Archive for March, 2010


March 23, 2010

If you are looking for a diatribe for or against what we have come to know as “tort reform”, you will be disappointed. The problem is too complex. The purpose here is to shed some light.

Let’s clarify the issue. Advocates of “tort reform” are really arguing for lower incidence of medical malpractice awards, smaller dollar awards, and lower medical malpractice insurance premiums for physicians. They also hope to reduce the level of “defensive medicine”, the result of which is higher medical cost in response to the fear of being sued.

According to the National Practitioner Data Bank, the number and dollar value of medical malpractice award payouts has been flat since 1991, and have actually declined since 2001.The figures presented by the National Association of Insurance Commissions back this up. Public Citizens’ Congress Watch in Washington, D.C. reports that medical malpractice award payments declined 13.6% from 2001 through 2004 (the latest data available). Award payments of $1 million or more actually fell 56% from 1991 through 2004. According to a Harvard University study, very few medical errors ever result in legal claims – only one claim per 7.6 injuries ever results in legal action. Of those claims, plaintiffs drop 9 of every 10 that are initiated. Let’s at least admit that a case made solely on the basis of the “exploding incidence” of medical malpractice claims and awards has its problems.

Well, then, what about medical malpractice insurance premiums? Premiums have increased and there is no doubt about it. The question is WHY have premiums increased. There are authorities who have looked at this issue and concluded that medical malpractice insurance premiums rise NOT just because of increased frequency of litigation or jury awards, but to compensate for poor insurance company investment returns. Robert Hunter, Insurance Director for the Consumer Federation of America recently pointed this out. The U.S. Government Accountability Office (formerly the U.S. General Accounting Office) has reported this several times, the most relevant being GAO 03-702. GAO reported that multiple factors, including falling investment income and rising reinsurance costs, have contributed to increases in premium rates. In one interesting comparison, the GAO report showed that the premiums insurers charge physicians in different locales have such huge variability that the discrepancy cannot be explained by claims incidence alone. If it is true that other factors contribute to premium increases, then it follows that preventing or limiting medical malpractice awards may not result in corresponding premium decreases.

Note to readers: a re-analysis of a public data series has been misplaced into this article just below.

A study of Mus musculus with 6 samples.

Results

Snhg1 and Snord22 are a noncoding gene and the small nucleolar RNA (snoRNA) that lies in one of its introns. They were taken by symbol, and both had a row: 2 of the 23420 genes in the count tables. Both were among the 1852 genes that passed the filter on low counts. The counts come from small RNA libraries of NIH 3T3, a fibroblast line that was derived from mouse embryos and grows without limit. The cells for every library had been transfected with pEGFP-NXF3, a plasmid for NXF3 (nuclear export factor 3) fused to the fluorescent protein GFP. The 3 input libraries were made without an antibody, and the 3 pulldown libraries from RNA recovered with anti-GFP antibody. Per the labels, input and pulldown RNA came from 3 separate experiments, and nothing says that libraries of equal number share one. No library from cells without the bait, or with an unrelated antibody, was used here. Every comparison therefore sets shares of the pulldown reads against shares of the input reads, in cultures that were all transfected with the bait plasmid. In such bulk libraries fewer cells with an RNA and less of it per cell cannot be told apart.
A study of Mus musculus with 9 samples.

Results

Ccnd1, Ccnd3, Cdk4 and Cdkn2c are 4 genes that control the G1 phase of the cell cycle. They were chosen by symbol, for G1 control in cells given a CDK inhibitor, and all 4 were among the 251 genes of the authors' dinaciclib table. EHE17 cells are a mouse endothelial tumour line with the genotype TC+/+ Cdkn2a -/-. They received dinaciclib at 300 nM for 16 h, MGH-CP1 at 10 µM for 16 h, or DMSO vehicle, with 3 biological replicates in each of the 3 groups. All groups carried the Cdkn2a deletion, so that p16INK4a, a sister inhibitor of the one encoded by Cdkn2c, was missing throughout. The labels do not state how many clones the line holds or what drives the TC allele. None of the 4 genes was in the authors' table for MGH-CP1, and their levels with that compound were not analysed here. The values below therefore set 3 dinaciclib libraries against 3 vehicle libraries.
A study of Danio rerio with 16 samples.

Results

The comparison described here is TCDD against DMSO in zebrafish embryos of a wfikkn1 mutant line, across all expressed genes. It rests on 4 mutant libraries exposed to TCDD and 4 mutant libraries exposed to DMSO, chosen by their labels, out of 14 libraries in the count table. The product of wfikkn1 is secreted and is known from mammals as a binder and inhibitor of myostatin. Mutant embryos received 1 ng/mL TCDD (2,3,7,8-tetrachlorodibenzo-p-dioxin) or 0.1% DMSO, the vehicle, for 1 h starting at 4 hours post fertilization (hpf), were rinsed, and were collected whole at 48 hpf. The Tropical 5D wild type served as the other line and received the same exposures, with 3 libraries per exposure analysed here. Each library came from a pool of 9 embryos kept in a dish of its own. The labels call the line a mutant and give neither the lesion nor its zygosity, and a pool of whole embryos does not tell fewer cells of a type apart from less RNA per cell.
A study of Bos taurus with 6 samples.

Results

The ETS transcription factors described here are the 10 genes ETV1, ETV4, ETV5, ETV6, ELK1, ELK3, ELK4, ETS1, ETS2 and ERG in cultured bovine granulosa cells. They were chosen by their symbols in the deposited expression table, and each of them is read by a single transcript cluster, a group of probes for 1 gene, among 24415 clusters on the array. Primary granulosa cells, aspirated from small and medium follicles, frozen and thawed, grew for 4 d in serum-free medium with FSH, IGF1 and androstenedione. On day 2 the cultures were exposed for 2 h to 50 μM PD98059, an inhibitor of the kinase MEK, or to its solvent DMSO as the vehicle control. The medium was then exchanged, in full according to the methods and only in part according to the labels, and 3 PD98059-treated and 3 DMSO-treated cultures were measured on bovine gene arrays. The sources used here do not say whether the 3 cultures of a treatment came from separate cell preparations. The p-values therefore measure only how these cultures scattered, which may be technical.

Defensive medicine is the hardest to deal with because its impact is difficult to calculate. There is no doubt that there are more medical tests being ordered for fear of medical liability then there would be otherwise. The question is what is the impact. Nobody really knows (GAO 03-836). We do know that medical insurance costs average about 3.2% of average physician revenues. We also know that 5.5% of physicians cause 57.3% of all medical malpractice payouts to patients. Do we approach the problem, as some have suggested, by not interfering with tort claims and instead going after the few transgressors?

Much study still needs to be done, but the end game will not change. As a society, we will have to decide whether we want to prevent or limit the legitimate claims of citizens damaged by medical errors by making it harder to obtain compensation for those errors, or insulate physicians and thus reduce the motivation for defensive medicine in the hope that the cost savings will justify the lost opportunities.



March 18, 2010

The decision about what medical specialist to use in a medical malpractice case is up to the client. Nevertheless, we have all too often discussed cases with individuals and attorneys when they did not know what type of medical specialist they wanted to be involved. Sometimes we get the comment that any medical expert will do. In our view, the notion that any medical expert will do is wrong-headed and possibly even self-defeating.
You need to know who you are suing. You want to have a physician expert in the same medical specialty review the records (there are exceptions, but we won’t get into them here). In this way, you ensure that the medical expert will be able to authoritatively comment on the same standards of care owed by a provider in the same specialty. It does no good to have someone of lesser expertise comment on those standards of care because the opinion will surely be impeached for lack of qualifications. That is fairly obvious. However, the same applies for someone who is overqualified because the offending provider cannot be held to higher standards of care than those owed by someone in his medical specialty. There is abundant case law that backs this assertion.

If you have a medical malpractice case and if you are looking for a medical expert to review and opine on the medical records, ask yourself a few questions that will save you time, effort, and money:
1) Who do I blame for the presumed medical negligence? In other words, whose errors of omission/commission led to the injury?
2) If more than one medical provider is presumed to be at fault, whose care do I principally blame [you may ultimately need more than one medical expert, but if the beginning expert opinion is supportive, then you know you have a case. If not, you will need to reassess the situation]?
3) What is the provider’s medical specialty?

When the action is personal injury, the considerations are different. The issue then becomes one of determining whether the injury in question resulted directly from the accident. The decision concerning the appropriate medical specialty in such cases is driven by the nature of the injuries and the course of treatment that followed the injury.